What is the Convention on the Rights of the Child?
The world’s most widely ratified human rights treaty in history.
In 1989 something incredible happened. Against the backdrop of a changing world order world leaders came together and made a historic commitment to the world’s children. They made a promise to every child to protect and fulfil their rights, by adopting an international legal framework – the United Nations Convention on the Rights of the Child.
Contained in this treaty is a profound idea: that children are not just objects who belong to their parents and for whom decisions are made, or adults in training. Rather, they are human beings and individuals with their own rights. The Convention says childhood is separate from adulthood, and lasts until 18; it is a special, protected time, in which children must be allowed to grow, learn, play, develop and flourish with dignity. The Convention went on to become the most widely ratified human rights treaty in history and has helped transform children’s lives.
What has the Convention achieved?
The Convention is the most widely ratified human rights treaty in history. It has inspired governments to change laws and policies and make investments so that more children finally get the health care and nutrition they need to survive and develop, and there are stronger safeguards in place to protect children from violence and exploitation. It has also enabled more children to have their voices heard and participate in their societies.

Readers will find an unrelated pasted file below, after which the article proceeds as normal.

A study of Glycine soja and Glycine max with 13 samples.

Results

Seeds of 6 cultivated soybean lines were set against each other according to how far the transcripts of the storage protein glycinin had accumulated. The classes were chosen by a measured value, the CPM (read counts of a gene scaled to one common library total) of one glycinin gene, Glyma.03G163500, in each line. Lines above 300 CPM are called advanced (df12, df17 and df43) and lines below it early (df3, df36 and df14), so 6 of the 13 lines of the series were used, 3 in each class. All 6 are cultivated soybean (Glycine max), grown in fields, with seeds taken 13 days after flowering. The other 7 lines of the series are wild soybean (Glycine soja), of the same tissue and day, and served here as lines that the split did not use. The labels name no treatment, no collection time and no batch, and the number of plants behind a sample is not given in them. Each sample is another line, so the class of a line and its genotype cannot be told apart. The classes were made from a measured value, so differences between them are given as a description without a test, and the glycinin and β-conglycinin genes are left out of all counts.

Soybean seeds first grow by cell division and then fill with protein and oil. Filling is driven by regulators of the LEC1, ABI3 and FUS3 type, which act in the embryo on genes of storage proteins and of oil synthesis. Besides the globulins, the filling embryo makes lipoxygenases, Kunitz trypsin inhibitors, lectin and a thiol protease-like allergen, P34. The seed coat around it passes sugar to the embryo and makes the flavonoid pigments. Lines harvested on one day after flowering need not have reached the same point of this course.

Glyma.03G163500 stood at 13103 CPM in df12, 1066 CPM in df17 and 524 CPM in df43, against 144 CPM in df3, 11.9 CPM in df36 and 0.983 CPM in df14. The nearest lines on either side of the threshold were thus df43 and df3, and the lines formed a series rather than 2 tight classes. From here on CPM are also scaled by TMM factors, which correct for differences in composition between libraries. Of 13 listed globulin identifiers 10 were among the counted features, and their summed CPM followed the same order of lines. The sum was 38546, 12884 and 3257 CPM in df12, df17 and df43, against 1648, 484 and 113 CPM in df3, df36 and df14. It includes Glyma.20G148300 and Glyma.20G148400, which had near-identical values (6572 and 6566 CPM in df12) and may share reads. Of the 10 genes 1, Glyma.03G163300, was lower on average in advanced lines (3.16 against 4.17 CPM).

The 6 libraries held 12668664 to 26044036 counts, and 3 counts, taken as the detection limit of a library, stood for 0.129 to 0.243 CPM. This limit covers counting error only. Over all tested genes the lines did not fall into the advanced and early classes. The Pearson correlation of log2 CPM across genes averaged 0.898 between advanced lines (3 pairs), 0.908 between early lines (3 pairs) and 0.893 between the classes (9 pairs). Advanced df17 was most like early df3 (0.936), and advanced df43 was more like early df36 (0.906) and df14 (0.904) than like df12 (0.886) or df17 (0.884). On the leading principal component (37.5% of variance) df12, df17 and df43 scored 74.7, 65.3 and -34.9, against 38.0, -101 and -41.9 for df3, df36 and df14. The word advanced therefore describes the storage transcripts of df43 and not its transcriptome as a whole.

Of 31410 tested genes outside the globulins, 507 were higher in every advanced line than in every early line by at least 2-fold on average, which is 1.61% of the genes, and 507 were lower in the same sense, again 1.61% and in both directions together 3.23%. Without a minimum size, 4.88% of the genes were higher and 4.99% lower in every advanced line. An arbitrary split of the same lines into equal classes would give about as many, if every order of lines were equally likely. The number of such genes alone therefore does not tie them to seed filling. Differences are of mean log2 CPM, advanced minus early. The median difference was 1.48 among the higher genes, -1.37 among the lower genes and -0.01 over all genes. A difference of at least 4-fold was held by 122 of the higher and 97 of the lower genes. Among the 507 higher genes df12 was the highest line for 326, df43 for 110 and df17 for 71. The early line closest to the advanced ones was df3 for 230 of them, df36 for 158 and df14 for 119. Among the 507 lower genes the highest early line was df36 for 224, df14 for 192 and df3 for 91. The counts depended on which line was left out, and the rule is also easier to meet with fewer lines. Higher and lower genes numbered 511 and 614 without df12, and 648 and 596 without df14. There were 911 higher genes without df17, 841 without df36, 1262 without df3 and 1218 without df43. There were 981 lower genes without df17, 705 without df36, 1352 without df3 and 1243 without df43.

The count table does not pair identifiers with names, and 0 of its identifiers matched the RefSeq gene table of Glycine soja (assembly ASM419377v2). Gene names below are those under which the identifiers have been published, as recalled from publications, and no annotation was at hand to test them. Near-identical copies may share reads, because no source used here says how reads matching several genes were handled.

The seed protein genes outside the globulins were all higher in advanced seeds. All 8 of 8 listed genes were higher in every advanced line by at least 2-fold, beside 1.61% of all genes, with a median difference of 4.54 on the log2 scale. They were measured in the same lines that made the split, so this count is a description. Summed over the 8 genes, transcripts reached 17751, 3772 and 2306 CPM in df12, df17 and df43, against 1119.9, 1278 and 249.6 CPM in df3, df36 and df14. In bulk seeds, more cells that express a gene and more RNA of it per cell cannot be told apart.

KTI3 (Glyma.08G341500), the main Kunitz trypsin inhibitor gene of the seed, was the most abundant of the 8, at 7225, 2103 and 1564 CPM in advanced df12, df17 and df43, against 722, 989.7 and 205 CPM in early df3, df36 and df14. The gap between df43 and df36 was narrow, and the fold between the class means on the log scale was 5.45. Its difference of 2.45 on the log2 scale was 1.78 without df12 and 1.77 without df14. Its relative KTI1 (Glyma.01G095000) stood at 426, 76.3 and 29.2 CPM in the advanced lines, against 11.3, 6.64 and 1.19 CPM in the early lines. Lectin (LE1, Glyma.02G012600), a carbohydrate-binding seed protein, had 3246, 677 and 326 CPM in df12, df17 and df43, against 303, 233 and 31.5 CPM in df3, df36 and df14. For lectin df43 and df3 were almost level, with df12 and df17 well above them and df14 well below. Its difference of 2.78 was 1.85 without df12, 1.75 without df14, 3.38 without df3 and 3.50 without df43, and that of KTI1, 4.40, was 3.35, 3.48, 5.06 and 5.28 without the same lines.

Childhood today: new threats, new opportunities
Despite this progress, the Convention is still not fully implemented or widely known and understood. Millions of children continue to suffer violations of their rights when they are denied adequate health care, nutrition, education and protection from violence. Childhoods continue to be cut short when children are forced to leave school, do hazardous work, get married, fight in wars or are locked up in adult prisons.
And global changes, like the rise of digital technology, environmental change, prolonged conflict and mass migration are completely changing childhood. Today’s children face new threats to their rights, but they also have new opportunities to realize their rights.
What needs to happen
The hope, vision and commitment of world leaders in 1989 led to the Convention. It is up to today’s generation to demand that world leaders from government, business and communities end child rights violations now, once and for all. They must commit to action to make sure every child, has every right.